1. JD Sterne,
  2. JC MacDonald,
  3. PS Phull,
  4. JS Leeds
  1. Gastroenterology, Aberdeen Royal Infirmary, Aberdeen, UK

Abstract

Introduction Management of dysphagia due to oesophageal cancer can be challenging and self-expanding metal stents (SEMS) have an important role in this. SEMS have been placed under direct vision in our institution since 2004 and a previous audit showed a significant rise in numbers particularly repeat stenting. A new referral protocol was implemented from 2011 to better aid assessment and appropriate insertion of SEMS and so the aim of this study was to assess changes in trends of SEMS insertion following this.

Method Retrospective analysis of all oesophageal SEMS inserted in our institution from 2004 to 2014 was performed. Patient demographics, tumour pathology and location, repeat stenting and 30 day mortality were recorded. Emerging trends were analysed by examining changes on a yearly basis and proportional analysis before and after the change in referral protocol.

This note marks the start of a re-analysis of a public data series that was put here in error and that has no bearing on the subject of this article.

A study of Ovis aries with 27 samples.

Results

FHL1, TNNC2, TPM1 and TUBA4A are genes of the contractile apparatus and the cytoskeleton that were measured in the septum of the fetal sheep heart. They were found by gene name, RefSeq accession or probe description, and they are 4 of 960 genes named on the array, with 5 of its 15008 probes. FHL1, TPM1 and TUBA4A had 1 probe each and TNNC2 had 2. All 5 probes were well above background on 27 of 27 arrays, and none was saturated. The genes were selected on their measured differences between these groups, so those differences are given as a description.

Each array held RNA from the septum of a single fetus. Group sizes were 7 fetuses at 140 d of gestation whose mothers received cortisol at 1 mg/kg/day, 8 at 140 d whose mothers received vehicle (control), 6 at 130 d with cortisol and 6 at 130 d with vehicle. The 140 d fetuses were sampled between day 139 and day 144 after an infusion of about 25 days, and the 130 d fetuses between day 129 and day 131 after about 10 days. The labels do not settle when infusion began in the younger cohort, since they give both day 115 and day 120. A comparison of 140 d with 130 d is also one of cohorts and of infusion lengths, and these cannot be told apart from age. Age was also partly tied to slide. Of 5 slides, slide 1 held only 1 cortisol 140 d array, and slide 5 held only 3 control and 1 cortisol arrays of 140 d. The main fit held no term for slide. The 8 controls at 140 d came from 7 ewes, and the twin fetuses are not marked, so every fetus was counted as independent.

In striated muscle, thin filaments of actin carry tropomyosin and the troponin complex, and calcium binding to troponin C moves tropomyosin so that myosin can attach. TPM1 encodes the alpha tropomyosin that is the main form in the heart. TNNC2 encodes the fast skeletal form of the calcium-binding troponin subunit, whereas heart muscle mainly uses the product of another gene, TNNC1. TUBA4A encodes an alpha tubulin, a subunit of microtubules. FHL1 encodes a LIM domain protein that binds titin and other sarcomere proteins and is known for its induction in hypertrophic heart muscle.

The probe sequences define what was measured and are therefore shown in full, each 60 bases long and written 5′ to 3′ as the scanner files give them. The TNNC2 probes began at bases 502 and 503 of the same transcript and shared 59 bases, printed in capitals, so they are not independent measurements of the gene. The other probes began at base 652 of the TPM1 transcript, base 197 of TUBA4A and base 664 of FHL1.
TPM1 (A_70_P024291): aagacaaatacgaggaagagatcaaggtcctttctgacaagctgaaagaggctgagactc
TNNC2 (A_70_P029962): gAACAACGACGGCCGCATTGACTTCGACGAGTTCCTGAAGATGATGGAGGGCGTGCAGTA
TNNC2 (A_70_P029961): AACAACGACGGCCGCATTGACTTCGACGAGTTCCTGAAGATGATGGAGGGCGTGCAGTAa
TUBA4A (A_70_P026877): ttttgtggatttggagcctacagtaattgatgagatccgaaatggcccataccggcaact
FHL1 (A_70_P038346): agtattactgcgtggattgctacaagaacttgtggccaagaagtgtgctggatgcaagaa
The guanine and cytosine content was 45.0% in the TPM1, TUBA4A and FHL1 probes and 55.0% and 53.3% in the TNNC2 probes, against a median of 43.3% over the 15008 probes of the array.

Results 393 patients with a mean age 72.9 years (242 males) were included with 510 SEMS being inserted overall (117 repeat stents) and Figure 1shows this graphically. Median age was 77 in 2004 which dropped steadily over the decade to 71 in 2010 and then remained between 73–75. SEMS insertion increased significantly from 6 in 2004 to 74 in 2011 and then dropped to 52 over the next 3 years. Repeat stenting rose until 2012 (1 in 2004 to 18 in 2011) and then fell following the change in protocol. The majority of tumours were adenocarcinomas (>60%) and were in the distal oesophagus or gastro-oesophageal junction. 30 day mortality peaked in 2010 and then steadily declined following the change in protocol but has increased again in the last year.

Conclusion There has been a significant increase in the number of SEMS inserted in our institution over the last decade. The previous audit revealed that patients were likely being stented too soon and the change in protocol has reduced overall numbers but more importantly repeated stenting. The recent rise in mortality may represent SEMS being inserted closer to the end of a patients life and therefore a true palliative intervention.

Disclosure of interest None Declared.